Hagel Wisely Caves in to the Israel Lobby

Kevin MacDonald


The viciousness of the Hagel hearings is really amazing, especially the questioning of John McCain, Lindsay Graham, and Ted Cruz. Graham and Cruz especially were being good soldiers of the Israel Lobby. The exchange that really revealed the power of the Lobby was when Graham asked Hagel to

“name one person, in your opinion, who’s intimidated by the Israel lobby in the United States Senate.”

“I don’t know,” Hagel ultimately conceded.

Graham continued his interrogation, asking Hagel to, “Name one dumb thing we’ve been goaded into doing because of the pressure from the Israeli or Jewish lobby?”

“I have already stated that I regret the terminology,” Hagel protested.

“But you said back then, it makes us do dumb things,” Graham pressed. “You can’t name one senator intimidated, now give me one example of the dumb things that we’re pressured to do up here.”

“Well, I can’t give you an example,” Hagel admitted.

Obviously Hagel  was intimidated. There was no way he would name names, even though it’s common knowledge that anyone actively opposing the Israel Lobby should be prepared to see his opponent in the next election run a very well-funded operation. More importantly, Hagel would never be so bold as to name the war in Iraq as Exhibit A for a “dumb thing” that the Senate (including Hagel) was stampeded into by the Israel Lobby, its megaphone in the media,  and its operatives in the Pentagon (Wolfowitz, Feith, Shulsky; see here, p. 40ff) supplying false intelligence to the hopelessly naive President Bush. Such things are still completely off the table in polite conversation.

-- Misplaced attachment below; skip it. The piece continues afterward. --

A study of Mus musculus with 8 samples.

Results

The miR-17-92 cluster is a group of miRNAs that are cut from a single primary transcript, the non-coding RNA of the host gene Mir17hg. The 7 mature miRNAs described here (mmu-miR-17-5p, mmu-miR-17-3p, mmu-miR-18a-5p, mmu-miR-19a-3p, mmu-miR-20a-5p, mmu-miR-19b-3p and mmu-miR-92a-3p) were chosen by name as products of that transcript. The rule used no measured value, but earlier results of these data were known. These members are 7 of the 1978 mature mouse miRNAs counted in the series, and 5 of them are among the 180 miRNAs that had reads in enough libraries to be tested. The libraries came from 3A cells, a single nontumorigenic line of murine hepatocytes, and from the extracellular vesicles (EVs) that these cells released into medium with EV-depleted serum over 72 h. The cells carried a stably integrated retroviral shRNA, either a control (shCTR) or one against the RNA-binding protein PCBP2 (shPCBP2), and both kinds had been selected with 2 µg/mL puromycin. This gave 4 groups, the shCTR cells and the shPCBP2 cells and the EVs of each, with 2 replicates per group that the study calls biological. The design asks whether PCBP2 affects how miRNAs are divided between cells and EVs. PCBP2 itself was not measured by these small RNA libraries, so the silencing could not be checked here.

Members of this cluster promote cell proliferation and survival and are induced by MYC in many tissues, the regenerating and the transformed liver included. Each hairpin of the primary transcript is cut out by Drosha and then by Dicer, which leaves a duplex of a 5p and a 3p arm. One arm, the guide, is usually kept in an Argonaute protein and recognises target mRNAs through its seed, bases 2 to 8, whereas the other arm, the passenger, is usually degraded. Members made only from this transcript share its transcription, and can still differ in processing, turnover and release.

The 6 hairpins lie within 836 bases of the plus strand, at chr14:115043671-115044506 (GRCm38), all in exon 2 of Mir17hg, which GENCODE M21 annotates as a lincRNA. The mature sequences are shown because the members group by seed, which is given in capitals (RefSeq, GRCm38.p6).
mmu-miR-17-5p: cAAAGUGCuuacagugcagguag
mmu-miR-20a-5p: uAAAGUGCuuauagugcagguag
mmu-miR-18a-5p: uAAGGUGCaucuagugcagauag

In 2006 Hagel stated “How many of us really know and understand much about Iraq, the country, the history, the people, the role in the Arab world? I approach the issue of post-Saddam Iraq and the future of democracy and stability in the Middle East with more caution, realism and a bit more humility.” This is in stark contrast to the garbage being pedeled by the neocons and Bernard Lewis (see  here and here), their intellectual academic front man who had been reassuring Bush and everyone else that Iraqis yearned for freedom and democracy just like Westerners, so that removing Saddam would instantly usher in a mini-America.
 
I have no doubt that Hagel realizes that the Israel Lobby was a necessary component of the campaign for war, but he is well-advised not to say so if he wants to be confirmed by the Senate.
 
The fact that he was intimidated from saying that the Israel Lobby was a powerful, critical ingredient in the campaign for the Iraq war once again shows the power of the Lobby. But Hagel’s nomination is certainly good news that even though the Lobby can’t be directly confronted, its power can be circumvented by a second-term president nominating someone who will say whatever is necessary to get the nomination by not directly questioning the role of the Israel Lobby in promoting a war that has cost over 5000 American lives, many more thousands grievously wounded, and over a trillion dollars, with no benefit at all to the United States. The sentiment  seems to be that despite the intense hostility of the questioning, the Democrats will not go against the President and will have enough votes to confirm. And that  good news indeed.